After 30 Years of Growth, the Cowboy Poetry Festival Tries to Keep Its Pioneer Spirit
ELKO, Nevada—Rodeo poet Paul Zarzyski can’t help grinning when he thinks of the National Poetry Gathering’s early days.
In the late 1980s, the Elko Convention Center auditorium was filled to ranch folks on holiday and most of the cowboy poets were just off the range. Now finishing its 30th year, the poetry gathering has gained national prominence and a certain cache. It still draws its share of working buckaroos and ranch bosses, but take a seat at bars inside the Star Hotel Basque restaurant, the Pioneer Saloon or the venerable Stockman’s, and you’re as likely to strike up a conversation with a college professor as you are cowpuncher with calloused hands.
For Zarzyski’s part, he’s a little of both: a retired rodeo veteran who also happened to study with the great American poet Richard Hugo, is the recipient of national awards for his own pyrotechnic free verse and is the author of 10 books.
But bring up the gathering’s early days, and he’s ready a raise his shot glass high.
“It was jammed,” Zarzyski says following his seam-busting show at the G Three Bar theater inside the old Pioneer Hotel a short amble from the Stockman’s. “There was poetry, music upstairs, guys playing the slots and playing poker, guys were at the bar, guys were in the cafe 24 hours. I miss that, to be honest with you. Maybe because there are so many more of us performers as well as bands. We’re spread around town more, and it’s not as easy to bump into the people that you really feel you need to bump into, and that you want to spend a lot of time with.”
Watch cowboy poet Glenn Ohrlin in action., James Overton
As the gathering picked up big steam, founding father Hal Cannon added eclectic surprised guests in poets and musicians—Hawaiian poets one year, South American gauchos the next—to the traditional rhyming ropers and ranch fiddlers.
What happened to the gathering over the years is common to a lot of organically grown festivals. If they last long enough, they run the risk of becoming victims of their own success.
The gathering has experienced its share of growing pains: an aging and changing demographic, the rising cost of airline travel for poets, higher room rates and a local economy inflated by a boom from the region’s open-pit gold mines. But after three decades it’s managed to keep its core values—and its sense of humor.
“It had to evolve,” Zarzyski says. “I don’t think you can package it and say, ‘This is the way we’re going to keep it.’ Everything changes. But the trouble with that is, it makes some people happy, and it makes some people really angry. “You can’t please everybody.… To get to the nut-cutting, it’s different, but it’s still here. And we hope that it’s still here five years from now, 10 years from now, 20 years from now. But in order to sustain that hope we have to have a willingness to allow it to evolve.”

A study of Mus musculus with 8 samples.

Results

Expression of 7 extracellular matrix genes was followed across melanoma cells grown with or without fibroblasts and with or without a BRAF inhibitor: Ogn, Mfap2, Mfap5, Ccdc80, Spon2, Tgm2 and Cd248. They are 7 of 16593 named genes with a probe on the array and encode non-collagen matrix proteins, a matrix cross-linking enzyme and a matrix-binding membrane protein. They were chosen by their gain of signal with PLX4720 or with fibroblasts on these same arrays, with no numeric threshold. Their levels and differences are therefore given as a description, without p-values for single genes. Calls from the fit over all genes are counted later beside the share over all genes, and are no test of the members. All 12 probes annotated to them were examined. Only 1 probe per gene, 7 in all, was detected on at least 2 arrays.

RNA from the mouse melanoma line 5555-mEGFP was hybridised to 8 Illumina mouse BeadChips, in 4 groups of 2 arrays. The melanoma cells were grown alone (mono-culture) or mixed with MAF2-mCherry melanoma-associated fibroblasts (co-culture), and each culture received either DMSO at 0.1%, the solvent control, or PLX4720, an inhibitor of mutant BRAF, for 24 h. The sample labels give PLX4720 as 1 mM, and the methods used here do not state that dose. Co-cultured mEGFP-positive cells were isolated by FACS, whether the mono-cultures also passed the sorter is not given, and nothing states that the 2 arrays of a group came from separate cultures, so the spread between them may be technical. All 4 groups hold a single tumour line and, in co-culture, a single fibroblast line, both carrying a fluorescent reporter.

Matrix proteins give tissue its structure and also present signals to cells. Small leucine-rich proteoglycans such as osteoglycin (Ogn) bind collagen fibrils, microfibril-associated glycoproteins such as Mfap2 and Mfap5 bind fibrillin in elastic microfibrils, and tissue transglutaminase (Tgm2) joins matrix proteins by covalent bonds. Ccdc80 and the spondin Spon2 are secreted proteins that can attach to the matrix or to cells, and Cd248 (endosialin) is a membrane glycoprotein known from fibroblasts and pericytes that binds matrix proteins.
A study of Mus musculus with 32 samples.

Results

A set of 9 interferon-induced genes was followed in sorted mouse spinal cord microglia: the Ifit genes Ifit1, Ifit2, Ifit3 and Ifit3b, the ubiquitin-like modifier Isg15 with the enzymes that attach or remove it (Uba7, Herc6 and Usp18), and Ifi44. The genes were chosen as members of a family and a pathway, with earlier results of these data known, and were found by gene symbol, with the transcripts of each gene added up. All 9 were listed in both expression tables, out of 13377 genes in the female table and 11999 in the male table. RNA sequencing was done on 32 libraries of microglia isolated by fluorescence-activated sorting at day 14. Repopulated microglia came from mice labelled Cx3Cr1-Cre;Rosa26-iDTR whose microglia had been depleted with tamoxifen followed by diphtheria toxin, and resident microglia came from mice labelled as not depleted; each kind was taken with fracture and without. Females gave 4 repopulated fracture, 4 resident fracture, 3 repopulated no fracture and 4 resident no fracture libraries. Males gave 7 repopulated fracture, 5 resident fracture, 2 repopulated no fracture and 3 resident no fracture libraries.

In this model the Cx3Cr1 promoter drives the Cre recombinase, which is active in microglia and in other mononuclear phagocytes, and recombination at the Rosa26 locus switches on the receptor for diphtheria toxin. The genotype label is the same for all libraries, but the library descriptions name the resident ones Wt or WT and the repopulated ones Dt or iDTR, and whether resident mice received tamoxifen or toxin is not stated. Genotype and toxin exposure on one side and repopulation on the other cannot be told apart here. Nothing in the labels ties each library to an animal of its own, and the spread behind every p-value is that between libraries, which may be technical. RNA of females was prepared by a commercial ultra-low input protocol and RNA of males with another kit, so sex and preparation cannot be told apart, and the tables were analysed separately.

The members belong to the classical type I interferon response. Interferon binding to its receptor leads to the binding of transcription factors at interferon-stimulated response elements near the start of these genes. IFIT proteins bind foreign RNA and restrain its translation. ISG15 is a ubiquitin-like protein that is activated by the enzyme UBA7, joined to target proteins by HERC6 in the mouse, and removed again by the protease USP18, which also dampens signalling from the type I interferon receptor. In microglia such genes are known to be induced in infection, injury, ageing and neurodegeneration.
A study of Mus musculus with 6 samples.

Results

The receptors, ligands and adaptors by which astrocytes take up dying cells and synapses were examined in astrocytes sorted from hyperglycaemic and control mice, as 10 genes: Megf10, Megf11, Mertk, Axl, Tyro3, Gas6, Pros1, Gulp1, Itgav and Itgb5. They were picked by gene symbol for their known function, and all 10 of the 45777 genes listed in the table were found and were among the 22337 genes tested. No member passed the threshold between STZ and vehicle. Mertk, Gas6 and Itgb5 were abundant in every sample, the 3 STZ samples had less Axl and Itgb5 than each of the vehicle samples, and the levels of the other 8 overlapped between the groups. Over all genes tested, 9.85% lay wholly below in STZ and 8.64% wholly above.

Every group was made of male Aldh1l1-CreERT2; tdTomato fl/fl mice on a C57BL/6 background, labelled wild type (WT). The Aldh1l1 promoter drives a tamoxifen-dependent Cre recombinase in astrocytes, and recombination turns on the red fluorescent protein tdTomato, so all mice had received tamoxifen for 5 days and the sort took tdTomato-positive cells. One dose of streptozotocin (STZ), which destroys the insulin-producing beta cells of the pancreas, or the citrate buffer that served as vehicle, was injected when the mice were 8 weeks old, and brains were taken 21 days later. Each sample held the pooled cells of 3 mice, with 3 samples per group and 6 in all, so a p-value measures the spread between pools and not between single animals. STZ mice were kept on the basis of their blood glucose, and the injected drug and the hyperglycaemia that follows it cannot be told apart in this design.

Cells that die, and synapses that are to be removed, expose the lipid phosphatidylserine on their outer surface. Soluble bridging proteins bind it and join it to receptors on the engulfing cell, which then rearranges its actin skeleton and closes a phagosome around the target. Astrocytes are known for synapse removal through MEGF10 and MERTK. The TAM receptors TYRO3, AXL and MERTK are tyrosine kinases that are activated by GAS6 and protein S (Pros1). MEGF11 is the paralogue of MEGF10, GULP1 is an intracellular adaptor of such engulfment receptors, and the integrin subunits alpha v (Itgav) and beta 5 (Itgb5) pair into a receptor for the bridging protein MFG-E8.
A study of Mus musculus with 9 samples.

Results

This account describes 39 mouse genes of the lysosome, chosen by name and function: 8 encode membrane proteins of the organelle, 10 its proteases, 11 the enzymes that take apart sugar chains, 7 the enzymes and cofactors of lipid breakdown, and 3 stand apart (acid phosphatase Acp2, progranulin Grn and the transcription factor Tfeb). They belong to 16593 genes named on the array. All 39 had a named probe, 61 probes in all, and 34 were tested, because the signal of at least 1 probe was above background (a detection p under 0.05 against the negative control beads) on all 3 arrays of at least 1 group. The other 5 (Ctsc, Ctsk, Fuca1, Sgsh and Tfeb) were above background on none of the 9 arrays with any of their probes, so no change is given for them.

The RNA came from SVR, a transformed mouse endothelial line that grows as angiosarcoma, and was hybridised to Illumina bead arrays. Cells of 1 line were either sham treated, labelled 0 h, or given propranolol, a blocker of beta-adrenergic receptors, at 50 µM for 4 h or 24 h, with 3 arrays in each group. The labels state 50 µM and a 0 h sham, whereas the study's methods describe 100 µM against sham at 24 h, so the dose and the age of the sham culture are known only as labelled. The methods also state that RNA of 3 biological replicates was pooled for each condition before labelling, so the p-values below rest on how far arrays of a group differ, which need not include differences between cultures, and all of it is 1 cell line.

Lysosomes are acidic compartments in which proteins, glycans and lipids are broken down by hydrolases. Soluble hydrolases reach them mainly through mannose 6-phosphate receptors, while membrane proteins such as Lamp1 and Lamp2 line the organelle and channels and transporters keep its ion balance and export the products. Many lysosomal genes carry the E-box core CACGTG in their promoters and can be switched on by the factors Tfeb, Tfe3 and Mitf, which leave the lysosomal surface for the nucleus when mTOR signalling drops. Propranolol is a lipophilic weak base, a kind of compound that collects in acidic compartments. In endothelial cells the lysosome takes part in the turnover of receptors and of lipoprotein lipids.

No growing pains were present at this year’s gathering. Capacity crowds and a friendly party atmosphere pervaded frosty Elko. The sound of fiddles, acoustic guitars, and upright piano filled the air. Gathering veterans noted a focus on showcasing talented younger poets and musicians.
While acknowledging the challenges and the changing scene, cowboy-poet scholar and folklorist David Stanley adds, “I think it is still entirely possible to have a wonderful time at the Cowboy Poetry Gathering economically. Make your motel reservations in advance; don’t spend a lot on lodging. There are plenty of non-chain motels in Elko that deserve business and are run by people who donate rooms to the gathering for performers and who deserve to be supported. You don’t have to spend a lot of money on meals. You don’t have to buy any of those expensive tickets. I think it has more to do with perception than it does with reality.”
That reality includes themed recitals, music, exhibits, and programs that start at 9 a.m. and run past midnight at multiple venues. The gathering has plenty of cowgirl poets, too, and celebrates some abiding American traditions of hard work, a love of the land, and a fierce independence that defies political stereotype. Maintaining those traditions amid rising beef, feed, and grain prices and increased stresses on the land and greater pressure from agri-business giants makes laughing difficult at times.
“I think they’re conservatives in the best sense of the word,” Stanley says. “The politics is a very practical one. I think we should be cautious about generalizing too much because I know plenty of cowboys who are anti-war pacifist liberals, and I know plenty of cowboys who are extremely patriotic, military veteran conservatives. But what they do have in common, I think, is being told what to do: their antipathy to that. It doesn’t matter whether the Tea Party or the Democratic Party or the Republican Party is trying to organize people in lockstep, they’re going to resist that with every bone in their body.”
And in their spare time, those cowpunchers, ranchers, and old rodeo riders will use their experiences as grist for cowboy poetry.